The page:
President Nicolas Sarkozy drew chaotic events in France to a close last week by sending riot police to clear blockades of striking oil-refinery workers, getting gasoline flowing to thousands of dry service stations. For good measure, he also warned students clashing with police that they'd be punished to the fullest extent of the law for getting violently out of line. Yet as the new week opened, there was little evidence that Sarkozy's offensive had taken any steam out of either of those camps or the broader movement of opposition to his pension reform. Now the country waits to see if nationwide strikes and demonstrations on Oct. 28 and Nov. 6 will continue to mobilize millions even as Sarkozy's reform heads toward all but certain passage into law or if, as conservatives hope, the protests fizzle out in the face of the government's resolve.
So far, the most dramatic effect of the ongoing protests has been a gasoline shortage provoked by nearly three weeks of strikes by oil-refinery workers. Although repeated police intervention since Oct. 22 has succeeded in unblocking those compounds temporarily, many have been shut down again later by renewed strikes, and refineries elsewhere in France are being shuttered by protesters. The result is that roughly 25% of all French service stations were dry Monday, Oct. 25, with Paris and the western part of France worst hit. Continuing walkouts have also left train traffic reduced, by 10%, to 30% of normal flow though that's an improvement over recent weeks. But in other sectors, opposition to the government's reform is ramping up. Garbage collectors in a number of towns around France have replicated the strikes that have left Marseilles buried in two weeks' worth of refuse, and dockers in several ports have brought shipping to a crawl.
The upshot, French Economy Minister Christine Lagarde said on Monday, is that the strikes are now costing France $280 million to $556 million per day in lost business. All told, she said, the protesters who oppose a reform that would increase the minimum retirement age from 60 to 62 and the age to qualify for a full pension from 65 to 67 have thus cost France up to $4.4 billion in the nearly two months of recurring labor unrest. Speaking on Europe 1 radio, Lagarde warned that the prolonged instability threatens to undermine France's slow return to robust economic growth. "We exited the recession in rather good condition, and we mustn't weigh recovery down with movements painful to the French economy, particularly to some smaller and medium-sized businesses," she said.
It's unlikely that unions will heed Lagarde's caution as they continue to vote on the daily renewal of walkouts ahead of the nationwide shows of force scheduled for Oct. 28 and Nov. 6. Meanwhile, students are planning to launch new protests Oct. 26. Those demonstrations should provide some evidence as to whether, as the government has hoped, their ranks have been seriously thinned out by school vacations that began Oct. 23, or whether they can still create sufficient chaos to keep up the pressure on Sarkozy and his backers. The participation of young people in opposition to past French reforms has been vital in forcing repeated government climbdowns, and observers say the continued presence of students this time will be key to how long the large protest movement can endure.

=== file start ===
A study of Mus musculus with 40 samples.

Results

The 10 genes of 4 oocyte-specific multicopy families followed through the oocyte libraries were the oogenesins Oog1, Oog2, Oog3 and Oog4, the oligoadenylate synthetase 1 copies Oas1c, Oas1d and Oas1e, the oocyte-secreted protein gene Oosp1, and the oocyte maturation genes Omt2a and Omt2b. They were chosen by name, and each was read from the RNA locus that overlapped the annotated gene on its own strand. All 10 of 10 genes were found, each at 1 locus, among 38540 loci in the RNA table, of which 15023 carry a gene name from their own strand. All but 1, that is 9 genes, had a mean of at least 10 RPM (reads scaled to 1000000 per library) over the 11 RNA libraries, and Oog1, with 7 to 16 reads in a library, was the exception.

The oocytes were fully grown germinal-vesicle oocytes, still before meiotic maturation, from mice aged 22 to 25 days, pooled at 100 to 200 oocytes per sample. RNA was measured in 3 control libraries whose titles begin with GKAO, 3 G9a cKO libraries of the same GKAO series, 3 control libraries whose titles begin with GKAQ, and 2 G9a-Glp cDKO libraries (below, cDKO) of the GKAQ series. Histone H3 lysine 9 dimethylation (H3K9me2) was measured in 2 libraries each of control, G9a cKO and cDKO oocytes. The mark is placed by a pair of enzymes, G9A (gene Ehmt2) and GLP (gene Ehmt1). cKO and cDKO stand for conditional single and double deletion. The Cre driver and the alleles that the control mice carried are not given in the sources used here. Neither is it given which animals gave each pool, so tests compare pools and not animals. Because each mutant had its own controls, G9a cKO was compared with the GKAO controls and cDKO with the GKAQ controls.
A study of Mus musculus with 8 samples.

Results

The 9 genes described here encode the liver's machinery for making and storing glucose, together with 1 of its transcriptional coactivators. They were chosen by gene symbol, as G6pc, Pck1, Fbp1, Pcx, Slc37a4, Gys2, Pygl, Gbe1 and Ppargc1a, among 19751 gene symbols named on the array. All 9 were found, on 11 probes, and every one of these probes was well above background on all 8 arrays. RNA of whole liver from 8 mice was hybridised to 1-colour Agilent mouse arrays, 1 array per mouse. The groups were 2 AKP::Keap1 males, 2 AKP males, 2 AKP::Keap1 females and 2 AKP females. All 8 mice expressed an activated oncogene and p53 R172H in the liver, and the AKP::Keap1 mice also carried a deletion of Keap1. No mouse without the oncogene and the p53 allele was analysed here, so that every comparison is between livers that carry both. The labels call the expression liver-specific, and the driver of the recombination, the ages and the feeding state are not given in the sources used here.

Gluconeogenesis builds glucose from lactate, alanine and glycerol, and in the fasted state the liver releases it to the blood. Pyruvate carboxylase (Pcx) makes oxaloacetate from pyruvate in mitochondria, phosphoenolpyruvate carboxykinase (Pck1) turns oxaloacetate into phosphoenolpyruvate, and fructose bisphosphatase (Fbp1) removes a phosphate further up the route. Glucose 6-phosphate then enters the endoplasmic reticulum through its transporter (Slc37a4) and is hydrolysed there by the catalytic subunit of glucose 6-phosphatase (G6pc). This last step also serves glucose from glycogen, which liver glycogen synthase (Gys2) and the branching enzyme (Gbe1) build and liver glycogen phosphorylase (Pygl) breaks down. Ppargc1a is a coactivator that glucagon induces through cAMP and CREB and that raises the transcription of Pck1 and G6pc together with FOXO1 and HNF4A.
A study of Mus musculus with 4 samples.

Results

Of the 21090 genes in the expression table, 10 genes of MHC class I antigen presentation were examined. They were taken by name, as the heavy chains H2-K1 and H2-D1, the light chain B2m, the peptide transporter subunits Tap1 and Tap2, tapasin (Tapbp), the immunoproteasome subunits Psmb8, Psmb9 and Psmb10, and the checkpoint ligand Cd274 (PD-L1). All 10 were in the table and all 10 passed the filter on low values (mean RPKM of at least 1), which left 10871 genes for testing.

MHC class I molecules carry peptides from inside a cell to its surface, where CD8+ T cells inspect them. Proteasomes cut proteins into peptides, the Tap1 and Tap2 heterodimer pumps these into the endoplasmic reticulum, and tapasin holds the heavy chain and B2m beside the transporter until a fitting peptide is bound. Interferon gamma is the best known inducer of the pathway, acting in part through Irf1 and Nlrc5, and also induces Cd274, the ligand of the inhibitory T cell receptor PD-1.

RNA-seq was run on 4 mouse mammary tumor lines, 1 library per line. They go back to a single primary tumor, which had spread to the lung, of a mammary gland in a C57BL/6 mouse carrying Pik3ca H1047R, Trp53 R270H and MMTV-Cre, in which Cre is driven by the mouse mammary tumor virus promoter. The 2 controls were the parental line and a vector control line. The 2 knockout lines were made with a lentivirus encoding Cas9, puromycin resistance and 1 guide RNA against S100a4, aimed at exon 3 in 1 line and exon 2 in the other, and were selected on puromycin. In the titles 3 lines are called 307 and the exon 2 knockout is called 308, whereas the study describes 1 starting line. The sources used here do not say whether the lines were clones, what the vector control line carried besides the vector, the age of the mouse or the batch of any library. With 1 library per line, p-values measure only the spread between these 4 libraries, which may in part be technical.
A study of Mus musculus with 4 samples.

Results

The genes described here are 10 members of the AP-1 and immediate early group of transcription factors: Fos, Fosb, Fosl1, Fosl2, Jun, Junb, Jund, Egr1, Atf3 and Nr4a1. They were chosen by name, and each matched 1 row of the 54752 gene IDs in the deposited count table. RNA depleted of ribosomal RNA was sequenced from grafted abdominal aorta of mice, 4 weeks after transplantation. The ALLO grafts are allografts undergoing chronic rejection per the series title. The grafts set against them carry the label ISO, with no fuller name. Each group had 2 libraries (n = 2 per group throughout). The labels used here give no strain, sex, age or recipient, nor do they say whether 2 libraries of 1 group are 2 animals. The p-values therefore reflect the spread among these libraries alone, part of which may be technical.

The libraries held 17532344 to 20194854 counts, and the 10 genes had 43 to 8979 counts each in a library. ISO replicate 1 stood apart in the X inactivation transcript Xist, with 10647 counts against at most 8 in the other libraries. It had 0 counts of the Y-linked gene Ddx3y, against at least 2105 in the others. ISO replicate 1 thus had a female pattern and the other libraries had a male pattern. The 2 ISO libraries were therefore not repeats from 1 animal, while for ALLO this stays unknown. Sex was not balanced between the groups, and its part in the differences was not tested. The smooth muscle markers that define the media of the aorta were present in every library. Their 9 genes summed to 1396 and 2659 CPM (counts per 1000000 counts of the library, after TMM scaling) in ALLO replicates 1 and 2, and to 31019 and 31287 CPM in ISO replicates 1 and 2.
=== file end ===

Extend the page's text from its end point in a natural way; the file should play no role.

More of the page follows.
For its part, the government is hoping that any continued opposition will quickly deflate when faced with legislative finality. The text of the reform was passed by the upper house of Parliament on Oct. 23 and is now set for final approval by a mixed committee of both chambers both of them conservative-dominated on Oct. 27. Sarkozy's government expects the fait accompli to leave many opponents figuring that, since the bill needs only Sarkozy's signature to become law, further demonstrations are a waste of time. "After the vote on the law, it's law [and] it must be respected," said Labor Minister Eric Woerth on France 3 television on Oct. 24. "Striking today accomplishes nothing."
Maybe not apart from inflicting millions of dollars of daily pain on the economy, forcing motorists to scramble to find service stations with gas in their pumps and threatening public-transport users with new disruptions. And it's not just the French public who are paying the price. Though polls show that a large majority of French know that their country's deficit-plagued pension system must be overhauled, nearly two-thirds call Sarkozy's version of reform "unfair." And yet new polls published on Oct. 25 show that while 63% of respondents still support the opposition strikes and demonstrations, that backing has gradually fallen over time from 71% two weeks ago and 69% last week.
But the unions aren't the only ones slipping in public esteem. A new Ipsos survey revealed Sunday finds Sarkozy's approval rating at just 29% the first time he has ever dipped below 30% in that poll. The question is, Can Sarkozy afford to risk a further souring of public opinion by continuing to push through the reform? And does he even care?